Do not touch beris in Golden Temple complex

In fact the preservation project for the three trees was launched way back in 1990. The PAU has appealed to the Shiromani Gurdwara Parbandhak Committee (SGPC) and the Golden Temple manager to take steps to prevent devotees from touching the trees as their hands are normally smugged with 'ghee' after having 'prasad'.

The team found the lac insect attack was very noticable on Beri Baba Buddha Sahib, as devotees after taking 'parsad' from the Harimandir Sahib, the sanctum sanctorum, pay obeisance at the Beri before moving out of the shrine through the Clock Tower entrance.

Normally devotees pay obeisance at Dukh Bhanjani Beri and Elachi Beri before partaking 'parsad' from the sanctum sanctorum.

Beri Baba Buddha Sahib is the place where Baba Buddhaji used to sit while supervising the construction work of the Harmandir Sahib and the 'sarowar'. He later became the first Head Priest of the shrine.

According to Dr Bal normally the life of a beri is 100 years but these two have survived for over 400 years. However in recent years due to fungal attack and attacks from lac insect and caterpillar their growth has been hampered and there are indications of the trees decaying and infested branches drying up.

The team also found that the trees were suffering from a disease called powdery mildew.

During their visit to the shrine, the PAU team cut the infested branches of the three trees where it noticed that the lac or caterpillar attacks were intense. The team also restored to pruning as according to Dr Bal, July is the best month for ''new growth''. In fact the team asked the SGPC to get the trees pruned every year in the month of May.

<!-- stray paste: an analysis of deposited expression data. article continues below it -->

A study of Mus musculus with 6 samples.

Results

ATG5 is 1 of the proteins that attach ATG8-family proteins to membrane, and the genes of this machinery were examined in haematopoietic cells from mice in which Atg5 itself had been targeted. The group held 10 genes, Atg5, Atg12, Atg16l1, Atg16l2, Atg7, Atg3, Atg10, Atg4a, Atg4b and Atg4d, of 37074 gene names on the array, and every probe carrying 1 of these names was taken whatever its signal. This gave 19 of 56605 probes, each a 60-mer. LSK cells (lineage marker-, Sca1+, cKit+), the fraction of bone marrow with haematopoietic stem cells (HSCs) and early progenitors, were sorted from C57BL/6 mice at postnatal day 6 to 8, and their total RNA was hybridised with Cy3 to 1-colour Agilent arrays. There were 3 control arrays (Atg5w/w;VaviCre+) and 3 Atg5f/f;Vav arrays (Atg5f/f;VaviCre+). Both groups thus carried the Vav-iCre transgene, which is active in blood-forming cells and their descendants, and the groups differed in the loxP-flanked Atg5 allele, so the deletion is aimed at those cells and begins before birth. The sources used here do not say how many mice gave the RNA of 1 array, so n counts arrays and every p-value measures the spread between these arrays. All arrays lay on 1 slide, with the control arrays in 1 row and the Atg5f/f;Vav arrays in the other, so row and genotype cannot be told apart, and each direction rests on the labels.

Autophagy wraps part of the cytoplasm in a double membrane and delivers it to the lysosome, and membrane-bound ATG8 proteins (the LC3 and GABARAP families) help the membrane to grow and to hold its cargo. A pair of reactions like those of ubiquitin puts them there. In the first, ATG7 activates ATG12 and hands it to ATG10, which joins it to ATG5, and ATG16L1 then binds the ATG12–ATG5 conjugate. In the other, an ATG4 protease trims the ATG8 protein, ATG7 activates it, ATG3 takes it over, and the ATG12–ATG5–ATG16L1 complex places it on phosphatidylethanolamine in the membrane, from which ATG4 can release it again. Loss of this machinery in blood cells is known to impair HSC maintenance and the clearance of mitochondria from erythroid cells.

Dr Bal said ''we pruned the trees in a religious manner and we found that devotes at the shrine collected the pruned leaves and cut the infested branches and took these home''. He stated that ever since the PAU took upon itself the task of 'saving' the trees, the beris began to bear fruit (ber) and all the three are 'healthy'.

The SGPC has assured the team that some sort of barricades would be erected around the three trees to prevent devotees from touching the beris. The Golden Temple management has also agreed to put up sign boards asking devotees not to touch the trees.

Dr Bal has suggested that in July the trees should be sprayed with Thiodan an in the fourth week of September, Balytan powder could be used on the beris. In the monsoon months, fungal and insect attacks are t pronounced, he added.